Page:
The Skyscraper Museum is devoted to the study of high-rise building, past, present, and future. The Museum explores tall buildings as objects of design, products of technology, sites of construction, investments in real estate, and places of work and residence. This site will look better in a browser that supports web standards, but it is accessible to any browser or Internet device.
AN IMMIGRANT HISTORY
Top: Labor Day Parade, 1909. Library of Congress.
Bottom left: 122 Sullivan Street, 2nd Floor Rear, Leveroni Family, 1908. Library of Congress.
Bottom right: Strike Pickets, 1910. Library of Congress.
The garment industry was especially attractive to immigrants since starting a small contractor's shop did not take much capital, and the number of workers would be small. Fluency in English was unnecessary. Eastern European Jewish immigrants were especially drawn to the garment industry. It is no exaggeration to state that New York's Garment District was created by Jewish builders, who primarily hired Jewish architects, who designed buildings that housed Jewish-owned businesses, and that employed, at least in the early years, a largely Jewish work force of men and women who belonged to a union dominated by Jewish labor leaders.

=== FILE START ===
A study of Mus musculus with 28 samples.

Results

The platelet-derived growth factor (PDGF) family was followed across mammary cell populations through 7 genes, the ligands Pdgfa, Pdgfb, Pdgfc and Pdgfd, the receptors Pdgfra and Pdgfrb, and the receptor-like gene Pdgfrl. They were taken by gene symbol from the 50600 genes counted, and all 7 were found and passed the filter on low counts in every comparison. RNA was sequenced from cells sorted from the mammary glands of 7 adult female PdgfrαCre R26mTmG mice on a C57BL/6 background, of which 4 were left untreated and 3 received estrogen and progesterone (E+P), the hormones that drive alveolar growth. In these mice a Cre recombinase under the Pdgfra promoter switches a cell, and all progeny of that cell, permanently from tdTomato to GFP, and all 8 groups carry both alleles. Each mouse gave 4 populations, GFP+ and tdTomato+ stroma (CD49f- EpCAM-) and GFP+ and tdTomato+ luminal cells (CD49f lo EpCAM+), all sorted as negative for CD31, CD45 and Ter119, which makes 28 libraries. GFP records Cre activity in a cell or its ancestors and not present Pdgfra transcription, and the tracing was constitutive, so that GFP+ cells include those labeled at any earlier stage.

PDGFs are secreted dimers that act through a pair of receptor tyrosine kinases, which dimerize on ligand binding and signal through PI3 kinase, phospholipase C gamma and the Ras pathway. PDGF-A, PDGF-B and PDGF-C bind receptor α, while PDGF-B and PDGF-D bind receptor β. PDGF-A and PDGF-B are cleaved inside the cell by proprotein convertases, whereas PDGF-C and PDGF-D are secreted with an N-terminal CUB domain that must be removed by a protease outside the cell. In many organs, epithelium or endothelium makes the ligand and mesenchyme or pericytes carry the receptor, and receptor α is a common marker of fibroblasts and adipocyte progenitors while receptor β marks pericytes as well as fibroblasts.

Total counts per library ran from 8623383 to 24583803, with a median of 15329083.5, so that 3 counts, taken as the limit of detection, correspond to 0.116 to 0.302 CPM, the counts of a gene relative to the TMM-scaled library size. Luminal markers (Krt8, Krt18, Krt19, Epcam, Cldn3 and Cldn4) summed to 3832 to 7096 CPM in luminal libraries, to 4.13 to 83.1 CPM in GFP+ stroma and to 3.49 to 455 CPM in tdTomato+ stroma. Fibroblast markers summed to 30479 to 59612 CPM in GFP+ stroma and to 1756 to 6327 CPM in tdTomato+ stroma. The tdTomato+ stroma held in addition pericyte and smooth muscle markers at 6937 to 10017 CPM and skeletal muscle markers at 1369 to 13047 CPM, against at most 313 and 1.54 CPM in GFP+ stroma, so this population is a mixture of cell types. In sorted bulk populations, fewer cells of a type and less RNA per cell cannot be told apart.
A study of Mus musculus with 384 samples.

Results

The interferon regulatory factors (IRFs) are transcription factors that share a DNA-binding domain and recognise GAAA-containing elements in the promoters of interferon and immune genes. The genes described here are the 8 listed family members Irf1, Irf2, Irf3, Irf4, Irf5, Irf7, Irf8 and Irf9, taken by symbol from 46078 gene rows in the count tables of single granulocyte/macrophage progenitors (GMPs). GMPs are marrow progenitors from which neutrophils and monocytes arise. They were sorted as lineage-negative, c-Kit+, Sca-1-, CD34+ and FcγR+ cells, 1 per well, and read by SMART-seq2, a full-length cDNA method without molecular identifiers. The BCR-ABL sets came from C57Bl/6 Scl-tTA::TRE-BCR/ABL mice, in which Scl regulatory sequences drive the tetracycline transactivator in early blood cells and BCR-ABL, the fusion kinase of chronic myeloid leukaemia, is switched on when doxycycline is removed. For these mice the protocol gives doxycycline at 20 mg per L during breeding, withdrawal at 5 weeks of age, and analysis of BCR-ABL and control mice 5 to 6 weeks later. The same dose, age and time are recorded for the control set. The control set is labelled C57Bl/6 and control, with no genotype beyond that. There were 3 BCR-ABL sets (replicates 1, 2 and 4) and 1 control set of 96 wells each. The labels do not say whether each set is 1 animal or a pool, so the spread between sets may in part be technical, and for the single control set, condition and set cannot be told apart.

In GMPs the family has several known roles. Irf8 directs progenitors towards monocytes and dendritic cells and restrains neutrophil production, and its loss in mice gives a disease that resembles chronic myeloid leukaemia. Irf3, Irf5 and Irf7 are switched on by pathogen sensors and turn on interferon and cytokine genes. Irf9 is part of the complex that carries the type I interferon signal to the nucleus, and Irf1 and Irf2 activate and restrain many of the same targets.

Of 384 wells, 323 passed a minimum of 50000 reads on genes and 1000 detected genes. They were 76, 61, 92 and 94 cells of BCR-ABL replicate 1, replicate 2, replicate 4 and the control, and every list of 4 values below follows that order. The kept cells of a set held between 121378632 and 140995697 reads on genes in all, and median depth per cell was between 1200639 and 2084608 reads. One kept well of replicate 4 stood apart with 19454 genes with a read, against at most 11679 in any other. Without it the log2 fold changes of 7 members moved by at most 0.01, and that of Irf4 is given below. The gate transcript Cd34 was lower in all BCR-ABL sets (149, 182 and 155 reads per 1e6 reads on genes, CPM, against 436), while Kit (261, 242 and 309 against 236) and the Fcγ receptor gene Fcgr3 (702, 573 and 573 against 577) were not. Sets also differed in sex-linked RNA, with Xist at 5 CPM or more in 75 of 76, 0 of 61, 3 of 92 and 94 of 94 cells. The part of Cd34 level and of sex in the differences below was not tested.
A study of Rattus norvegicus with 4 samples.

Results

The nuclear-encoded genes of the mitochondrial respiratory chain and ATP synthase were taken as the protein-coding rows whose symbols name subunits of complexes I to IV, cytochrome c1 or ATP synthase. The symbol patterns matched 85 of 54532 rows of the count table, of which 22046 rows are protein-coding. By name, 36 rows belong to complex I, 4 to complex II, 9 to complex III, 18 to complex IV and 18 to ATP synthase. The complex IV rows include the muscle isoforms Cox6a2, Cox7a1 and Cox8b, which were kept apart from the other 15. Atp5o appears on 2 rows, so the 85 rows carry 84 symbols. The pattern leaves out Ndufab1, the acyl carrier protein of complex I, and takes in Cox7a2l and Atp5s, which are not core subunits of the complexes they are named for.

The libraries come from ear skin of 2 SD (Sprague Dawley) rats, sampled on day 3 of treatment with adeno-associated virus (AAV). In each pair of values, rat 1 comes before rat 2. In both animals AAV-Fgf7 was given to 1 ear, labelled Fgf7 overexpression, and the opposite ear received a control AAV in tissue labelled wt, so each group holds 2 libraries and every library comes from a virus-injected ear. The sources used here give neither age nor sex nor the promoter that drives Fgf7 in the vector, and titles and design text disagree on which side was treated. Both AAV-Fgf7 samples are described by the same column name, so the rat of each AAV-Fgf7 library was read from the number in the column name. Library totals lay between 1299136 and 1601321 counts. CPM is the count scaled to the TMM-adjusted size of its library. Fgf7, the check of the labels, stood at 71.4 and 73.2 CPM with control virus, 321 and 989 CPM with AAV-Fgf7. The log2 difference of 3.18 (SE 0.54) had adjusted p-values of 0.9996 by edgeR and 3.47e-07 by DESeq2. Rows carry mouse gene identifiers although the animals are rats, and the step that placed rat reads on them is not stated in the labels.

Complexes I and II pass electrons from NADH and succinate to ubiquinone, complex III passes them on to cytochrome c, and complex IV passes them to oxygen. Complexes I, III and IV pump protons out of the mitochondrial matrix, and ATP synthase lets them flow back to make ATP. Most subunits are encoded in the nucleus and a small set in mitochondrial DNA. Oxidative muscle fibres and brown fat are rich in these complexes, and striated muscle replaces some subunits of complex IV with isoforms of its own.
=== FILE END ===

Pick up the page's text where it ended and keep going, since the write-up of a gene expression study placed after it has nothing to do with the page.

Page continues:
The increasing production of ready-to-wear clothing coincided with the arrival in New York of large numbers of Jewish immigrants from Russia and Poland and, to a lesser extent, Italians, many of whom had been trained as tailors. Eastern European Jews rapidly came to dominate the industry at all levels, from the lowest paid sewing-machine operator to the owners of the most successful clothing firms. Indeed, most garment factories were owned by men who had toiled in sweatshops and saved their meager wages to invest in establishing their own factories. While many failed, others came to dominate the industry. Several manufacturers, notably Abraham Lefcourt and Abraham Bricken, became major developers of loft buildings.
With the passage of restrictive laws in 1924 that limited the immigration from Eastern Europe, the makeup of the industry changed. Italian women joined the work force in increasing numbers, and by the 1940s and 1950s, large numbers of African-Americans and Puerto Ricans were employed. By the late 20th century, even as the number of factory workers declined, immigrants still dominated, but most were now Latin American and Asian.